Redundant array of independent disks (RAID) was created 20 plus years ago; it is not as easy to choose the correct level of a RAID to use for your organization. Although most people perceive that since redundancy is inbuilt there is no need of backing up data or recovering data but this is a wrong perception. RAID is defined as storage volume made up of many discrete hard disks and also is a definition of the way data gets displayed to the users. Hard drives used for this type of storage are S-ATA, SCSI, SAS or IDE drives. These hard drives are then plugged into a controller for configuration and the controller could be a controller unit designed for RAID devices, a card in a computer or stand-alone enclosure.
The choice is dependent on the quality of service and economics, capacity, availability, performance and other requirements of the service. Below is a guide for beginners who intend to use RAID for storage purposes:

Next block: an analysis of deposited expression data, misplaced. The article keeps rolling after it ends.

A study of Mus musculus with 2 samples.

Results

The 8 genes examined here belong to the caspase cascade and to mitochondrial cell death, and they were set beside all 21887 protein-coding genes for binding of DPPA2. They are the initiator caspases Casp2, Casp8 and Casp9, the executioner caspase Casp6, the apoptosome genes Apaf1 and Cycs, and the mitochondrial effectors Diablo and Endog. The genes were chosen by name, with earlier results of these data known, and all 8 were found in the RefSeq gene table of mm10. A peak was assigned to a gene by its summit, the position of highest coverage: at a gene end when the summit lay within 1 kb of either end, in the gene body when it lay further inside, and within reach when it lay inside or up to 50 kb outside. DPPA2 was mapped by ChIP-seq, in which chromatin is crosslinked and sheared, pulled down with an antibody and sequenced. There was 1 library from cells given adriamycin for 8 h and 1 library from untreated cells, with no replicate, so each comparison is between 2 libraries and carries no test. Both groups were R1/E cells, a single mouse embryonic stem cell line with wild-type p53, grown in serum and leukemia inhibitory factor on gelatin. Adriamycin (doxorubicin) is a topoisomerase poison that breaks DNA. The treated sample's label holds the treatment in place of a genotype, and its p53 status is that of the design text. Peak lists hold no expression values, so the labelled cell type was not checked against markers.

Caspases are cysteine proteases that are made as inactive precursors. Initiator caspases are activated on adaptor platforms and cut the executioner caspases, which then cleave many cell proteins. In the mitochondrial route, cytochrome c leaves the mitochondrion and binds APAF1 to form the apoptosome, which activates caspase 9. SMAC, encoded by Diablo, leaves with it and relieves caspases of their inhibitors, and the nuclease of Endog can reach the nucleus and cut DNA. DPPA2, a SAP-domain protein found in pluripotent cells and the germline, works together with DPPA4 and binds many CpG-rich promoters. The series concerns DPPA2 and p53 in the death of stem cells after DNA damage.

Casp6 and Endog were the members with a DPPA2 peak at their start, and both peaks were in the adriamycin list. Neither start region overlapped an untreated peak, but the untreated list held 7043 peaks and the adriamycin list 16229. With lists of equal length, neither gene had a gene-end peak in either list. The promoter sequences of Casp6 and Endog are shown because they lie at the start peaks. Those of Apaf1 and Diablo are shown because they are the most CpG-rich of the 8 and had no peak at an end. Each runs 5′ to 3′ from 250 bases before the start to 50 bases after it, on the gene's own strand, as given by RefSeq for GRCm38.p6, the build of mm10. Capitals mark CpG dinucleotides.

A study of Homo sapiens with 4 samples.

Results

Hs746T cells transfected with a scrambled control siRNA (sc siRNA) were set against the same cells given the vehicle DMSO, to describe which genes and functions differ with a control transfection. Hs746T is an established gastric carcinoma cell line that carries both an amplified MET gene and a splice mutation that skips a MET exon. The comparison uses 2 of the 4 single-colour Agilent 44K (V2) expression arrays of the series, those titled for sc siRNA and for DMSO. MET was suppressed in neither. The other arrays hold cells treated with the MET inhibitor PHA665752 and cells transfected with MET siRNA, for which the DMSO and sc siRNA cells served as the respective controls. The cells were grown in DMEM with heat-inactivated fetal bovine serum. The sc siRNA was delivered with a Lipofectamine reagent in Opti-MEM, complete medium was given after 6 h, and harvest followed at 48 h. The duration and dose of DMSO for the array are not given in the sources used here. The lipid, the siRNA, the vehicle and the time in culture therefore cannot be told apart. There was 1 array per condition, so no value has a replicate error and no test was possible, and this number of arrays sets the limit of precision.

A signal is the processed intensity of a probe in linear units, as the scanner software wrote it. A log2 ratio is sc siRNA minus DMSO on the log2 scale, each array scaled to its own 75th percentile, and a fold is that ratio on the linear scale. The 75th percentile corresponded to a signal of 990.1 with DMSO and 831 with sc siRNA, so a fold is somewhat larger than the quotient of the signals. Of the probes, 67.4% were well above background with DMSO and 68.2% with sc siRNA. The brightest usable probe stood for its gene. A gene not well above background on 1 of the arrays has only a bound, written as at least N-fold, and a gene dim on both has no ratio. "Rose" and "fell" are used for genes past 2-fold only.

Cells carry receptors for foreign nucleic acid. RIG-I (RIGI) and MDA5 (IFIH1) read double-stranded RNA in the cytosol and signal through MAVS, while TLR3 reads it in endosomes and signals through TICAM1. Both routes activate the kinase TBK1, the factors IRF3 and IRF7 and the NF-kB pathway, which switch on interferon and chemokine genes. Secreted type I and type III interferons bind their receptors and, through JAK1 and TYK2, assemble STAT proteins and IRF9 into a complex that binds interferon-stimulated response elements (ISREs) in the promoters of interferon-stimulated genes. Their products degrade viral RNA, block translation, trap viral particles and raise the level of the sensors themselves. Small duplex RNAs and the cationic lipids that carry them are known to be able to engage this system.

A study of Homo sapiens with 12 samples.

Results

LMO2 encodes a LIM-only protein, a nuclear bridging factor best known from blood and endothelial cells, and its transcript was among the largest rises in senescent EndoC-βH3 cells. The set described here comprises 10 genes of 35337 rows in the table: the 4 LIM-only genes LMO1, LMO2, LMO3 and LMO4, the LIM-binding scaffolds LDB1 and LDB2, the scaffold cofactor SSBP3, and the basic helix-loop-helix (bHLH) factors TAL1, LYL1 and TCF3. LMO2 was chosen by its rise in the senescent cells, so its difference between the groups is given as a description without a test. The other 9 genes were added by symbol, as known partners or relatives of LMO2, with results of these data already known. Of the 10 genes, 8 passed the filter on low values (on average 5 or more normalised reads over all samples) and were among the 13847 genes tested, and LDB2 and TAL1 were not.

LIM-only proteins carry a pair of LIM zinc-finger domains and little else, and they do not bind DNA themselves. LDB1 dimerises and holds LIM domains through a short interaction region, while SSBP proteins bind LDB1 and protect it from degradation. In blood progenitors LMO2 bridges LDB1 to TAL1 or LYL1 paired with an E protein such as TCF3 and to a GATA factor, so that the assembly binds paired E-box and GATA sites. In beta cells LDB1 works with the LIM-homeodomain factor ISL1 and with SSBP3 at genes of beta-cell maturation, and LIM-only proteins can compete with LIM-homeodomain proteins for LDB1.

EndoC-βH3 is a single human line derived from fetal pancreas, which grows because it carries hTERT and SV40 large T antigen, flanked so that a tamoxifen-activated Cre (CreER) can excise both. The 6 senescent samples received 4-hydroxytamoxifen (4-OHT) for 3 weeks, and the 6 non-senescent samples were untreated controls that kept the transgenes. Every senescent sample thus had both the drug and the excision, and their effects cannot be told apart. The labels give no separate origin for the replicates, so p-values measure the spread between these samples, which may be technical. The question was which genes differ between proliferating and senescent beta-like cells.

How the systems protect application data
RAID is so popular in most storage systems. Although it is omnipresent, its technology is not considered as up to date like before. RAID however still stands for use for the sophisticated market of storage as it gathers, rely on and save much data although the risk of losing and consequences of losing the data increase. New technologies of storage come each time and RAID has since evolved with such. Other vendors considered coming up with RAID-post products.
Levels of RAID
When considering using RAID type of storage, you need to keep in mind performance factors. RAID has 6 levels and others combined by the array storage vendors. To choose the right level to use you consider, the type of the application data, the users to make use of it and the data criticality. For instance, data requiring less write activity, reduced costs and good read performance, you will need to use level 5 which best fits the data. For business, RAID level 6 works best.